The power of having a goal – #stillhiddenfigures

One of the best things about the future is how unpredictable it is. Then again, that’s also one of the worst things about it. It all just depends on your perspective, says one of our Let us Learn campaigners.

The above sentiment reflects my life for the past nine years. In my previous blog, I mentioned that one of the main things that kept me motivated was the thought of going to university. It still is – although I have no way of getting there, because I don’t qualify for a student loan.

All through secondary school and college, the goal of university helped to keep me focused, even though there was violence at home and we moved around a lot while we tried to sort out our immigration status. This goal helped me wipe my face and smile after 20 minutes of crying every morning in the toilets. This goal made me think I can make something of myself and repay all the amazing people who were kind to me, even they didn’t have to be. For me, education was a way that I could finally have an equal footing to succeed like other people. It would give me the same opportunities as others my age to work for my own future. It is what helped me achieve seven AS levels and five A grades at A-level, plus an A* in my extended project qualification.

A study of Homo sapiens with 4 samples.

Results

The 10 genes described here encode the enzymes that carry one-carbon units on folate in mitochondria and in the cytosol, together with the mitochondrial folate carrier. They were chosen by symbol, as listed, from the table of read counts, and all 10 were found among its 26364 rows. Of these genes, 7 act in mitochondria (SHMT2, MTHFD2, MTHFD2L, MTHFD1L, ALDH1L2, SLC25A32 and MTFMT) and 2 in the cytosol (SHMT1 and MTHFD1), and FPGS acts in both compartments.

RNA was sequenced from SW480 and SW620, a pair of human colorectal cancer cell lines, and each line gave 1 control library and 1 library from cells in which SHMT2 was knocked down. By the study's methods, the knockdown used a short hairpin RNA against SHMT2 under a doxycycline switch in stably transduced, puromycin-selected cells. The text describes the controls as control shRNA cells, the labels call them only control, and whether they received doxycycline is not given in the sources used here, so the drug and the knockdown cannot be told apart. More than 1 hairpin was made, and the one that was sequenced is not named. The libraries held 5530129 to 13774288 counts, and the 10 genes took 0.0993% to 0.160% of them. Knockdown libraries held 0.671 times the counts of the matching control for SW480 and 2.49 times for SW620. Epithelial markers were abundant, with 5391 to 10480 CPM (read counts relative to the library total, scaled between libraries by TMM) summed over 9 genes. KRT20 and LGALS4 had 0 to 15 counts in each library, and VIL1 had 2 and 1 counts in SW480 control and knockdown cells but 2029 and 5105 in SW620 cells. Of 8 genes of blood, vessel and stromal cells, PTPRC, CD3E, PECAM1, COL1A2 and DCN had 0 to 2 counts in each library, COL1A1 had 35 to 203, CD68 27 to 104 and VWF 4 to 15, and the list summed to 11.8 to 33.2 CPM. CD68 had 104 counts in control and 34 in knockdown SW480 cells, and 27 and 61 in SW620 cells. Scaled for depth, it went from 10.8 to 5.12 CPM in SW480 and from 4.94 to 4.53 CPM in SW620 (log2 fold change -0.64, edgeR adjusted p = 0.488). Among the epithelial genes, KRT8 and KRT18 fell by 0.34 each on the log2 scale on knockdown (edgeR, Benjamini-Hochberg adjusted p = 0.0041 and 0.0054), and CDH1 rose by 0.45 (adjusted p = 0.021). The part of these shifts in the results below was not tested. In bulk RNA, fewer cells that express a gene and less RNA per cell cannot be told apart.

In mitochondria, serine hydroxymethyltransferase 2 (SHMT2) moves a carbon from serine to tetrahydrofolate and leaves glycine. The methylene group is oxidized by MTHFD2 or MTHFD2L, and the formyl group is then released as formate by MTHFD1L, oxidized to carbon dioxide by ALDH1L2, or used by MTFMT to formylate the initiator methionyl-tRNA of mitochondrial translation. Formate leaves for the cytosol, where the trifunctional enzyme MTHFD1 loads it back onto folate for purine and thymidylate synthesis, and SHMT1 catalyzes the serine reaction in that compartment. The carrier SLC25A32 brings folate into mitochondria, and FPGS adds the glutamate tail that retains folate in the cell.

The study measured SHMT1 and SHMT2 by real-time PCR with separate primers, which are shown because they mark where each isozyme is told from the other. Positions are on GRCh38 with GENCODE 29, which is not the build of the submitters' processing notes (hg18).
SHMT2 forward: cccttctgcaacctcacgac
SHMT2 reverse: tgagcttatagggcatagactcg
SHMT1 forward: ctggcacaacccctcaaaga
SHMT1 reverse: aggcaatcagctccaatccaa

It was this goal that led me to secure an interview at Cambridge University to study medicine. When this happened, I felt: wow! I really could achieve anything. I didn’t receive an offer from Cambridge, which would be disappointing for anyone but, after my reflection period, I still felt driven by the goal I had set myself.


It’s ironic that it’s my immigration status that has motivated me to work hard and achieve, as it’s also what has knocked me back again and again, barring me from receiving the higher education that I want so much.

My message to others in this situation is about the power of a goal. It could be anything really, as long it keeps you driven, focused and determined. Just don’t let it go. I won’t lie, sometimes I genuinely have almost given up, but I just look at how far I’ve come. Another thing about having a goal is that it somehow brings the right people around you. When my goal has not been enough, the journey towards that goal has surrounded me with strangers who have become family, who pick me up when I stumble. These people know my goal and have listened to me rant, rage and cry, and then help me up and dust myself down and keep moving towards my goal. To graduate from university will not be my goal forever, of course, but for now it is definitely enough to direct me and help me block out the more heartbreaking sides of not having immigration status in the UK.